Another jail proposal on the ballot in Smith Co. - - Tyler, Longview, Jacksonville |ETX News

Another jail proposal on the ballot in Smith Co.

By Layron Livingston - bio | email

SMITH COUNTY, TX (KLTV) – They've struck out at the ballot box time and time again, but now, Smith County Commissioners are giving voters one more shot at a new jail.

On Tuesday, Commissioners approved a bond election in May for their latest proposed jail expansion. This time, the County is confident the plan will finally fix the broken record of rejection.

At just over 35 million dollars, this latest plan is the cheapest option the County has tossed up, so far. But, will it stick?

"This is far far better than the previous proposals," said voter Allen Martin.

Martin has been keeping track. He voted against previous plans, in large part because of the cost. The county already spends the most on jail related stuff, more than a quarter of it's budget.

Commissioner Jeff Warr says the proposal could cut those operations cost by one and a half million dollars a year, "We've cut it down to the absolute what we believe is the minimum and redesigned it."

This time around, voters will basically be deciding on whether or not to change how Smith County Jail business is done. They'll be moving the laundry and kitchen facilities to the low risk area, along with adding a video visitation area. The county is proposing adding 384 new beds, along with an in-house infirmary to save on healthcare costs.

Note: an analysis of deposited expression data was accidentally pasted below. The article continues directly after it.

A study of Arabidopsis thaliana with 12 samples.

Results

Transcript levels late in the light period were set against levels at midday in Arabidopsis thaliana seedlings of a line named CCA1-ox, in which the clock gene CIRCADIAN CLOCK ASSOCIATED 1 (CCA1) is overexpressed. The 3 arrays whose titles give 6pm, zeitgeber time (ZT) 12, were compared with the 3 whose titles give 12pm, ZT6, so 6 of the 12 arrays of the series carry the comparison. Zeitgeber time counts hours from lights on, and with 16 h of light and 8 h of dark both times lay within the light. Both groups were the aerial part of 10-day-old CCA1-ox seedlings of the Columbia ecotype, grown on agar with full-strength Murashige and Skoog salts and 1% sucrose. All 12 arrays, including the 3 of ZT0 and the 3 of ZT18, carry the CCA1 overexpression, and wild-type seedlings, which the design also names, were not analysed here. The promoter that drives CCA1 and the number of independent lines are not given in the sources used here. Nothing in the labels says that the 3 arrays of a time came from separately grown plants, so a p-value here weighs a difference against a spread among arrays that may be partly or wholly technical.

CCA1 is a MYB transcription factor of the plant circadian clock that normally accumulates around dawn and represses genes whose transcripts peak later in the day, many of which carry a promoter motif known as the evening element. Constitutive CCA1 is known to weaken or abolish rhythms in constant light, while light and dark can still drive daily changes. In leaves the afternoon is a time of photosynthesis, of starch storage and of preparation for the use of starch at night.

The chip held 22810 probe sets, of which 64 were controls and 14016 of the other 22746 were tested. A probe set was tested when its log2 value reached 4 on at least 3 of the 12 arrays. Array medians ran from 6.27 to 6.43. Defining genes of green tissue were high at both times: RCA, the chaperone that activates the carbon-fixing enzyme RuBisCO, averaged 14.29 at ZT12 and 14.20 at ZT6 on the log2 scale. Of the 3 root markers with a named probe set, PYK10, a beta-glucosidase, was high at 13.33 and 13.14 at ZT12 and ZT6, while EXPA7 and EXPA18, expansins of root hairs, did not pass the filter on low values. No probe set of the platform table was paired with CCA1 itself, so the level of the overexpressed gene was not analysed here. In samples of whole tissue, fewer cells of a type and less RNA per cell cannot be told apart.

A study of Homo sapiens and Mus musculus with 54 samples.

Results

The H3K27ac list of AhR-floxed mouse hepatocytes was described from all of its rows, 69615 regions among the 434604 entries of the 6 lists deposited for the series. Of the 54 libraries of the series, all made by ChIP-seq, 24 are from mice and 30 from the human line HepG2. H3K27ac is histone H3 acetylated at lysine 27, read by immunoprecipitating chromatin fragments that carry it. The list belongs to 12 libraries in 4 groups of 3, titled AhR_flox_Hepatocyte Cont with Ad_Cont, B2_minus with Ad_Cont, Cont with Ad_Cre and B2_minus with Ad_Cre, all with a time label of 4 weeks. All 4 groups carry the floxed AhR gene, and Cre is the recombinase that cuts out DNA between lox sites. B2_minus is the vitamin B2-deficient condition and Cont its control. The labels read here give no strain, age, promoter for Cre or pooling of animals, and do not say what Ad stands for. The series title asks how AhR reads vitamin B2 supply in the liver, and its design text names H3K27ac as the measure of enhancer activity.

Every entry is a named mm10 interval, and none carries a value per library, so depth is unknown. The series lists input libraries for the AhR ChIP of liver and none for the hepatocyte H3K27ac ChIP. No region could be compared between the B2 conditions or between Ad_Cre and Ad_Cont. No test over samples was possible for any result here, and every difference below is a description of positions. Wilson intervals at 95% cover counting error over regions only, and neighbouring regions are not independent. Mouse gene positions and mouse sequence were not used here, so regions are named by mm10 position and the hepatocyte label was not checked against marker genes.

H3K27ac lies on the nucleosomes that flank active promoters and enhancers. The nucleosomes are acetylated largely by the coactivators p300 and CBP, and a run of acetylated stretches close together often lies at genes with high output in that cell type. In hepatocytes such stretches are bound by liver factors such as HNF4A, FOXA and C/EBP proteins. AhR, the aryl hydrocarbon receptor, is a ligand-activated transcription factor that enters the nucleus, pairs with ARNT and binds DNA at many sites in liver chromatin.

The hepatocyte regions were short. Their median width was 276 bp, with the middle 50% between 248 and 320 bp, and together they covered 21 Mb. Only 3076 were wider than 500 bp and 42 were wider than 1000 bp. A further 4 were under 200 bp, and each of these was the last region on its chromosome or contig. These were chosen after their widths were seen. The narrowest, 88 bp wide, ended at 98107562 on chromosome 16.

"Saving money on inmate medical… the possibility having federal inmates in our jail to bring in more revenue… that's something we haven't experienced over the last five years or so," says Smith County Judge Joel Baker.

It's estimated the County spends close to 17 million dollars in moving and housing inmates in other counties.

Smith County Sheriff J.B. Smith says, "This looks good this time, we hope that the public will accept this because we need to bring our prisoners home."

Martin says they can count on his vote this time, "This is a real good opportunity to improve the situation."

Should the bond pass, the average Smith County property tax payer would be out $13 a year for 15 years.

Commissioners say it's possible the bond could be paid off before the 15-year bond term.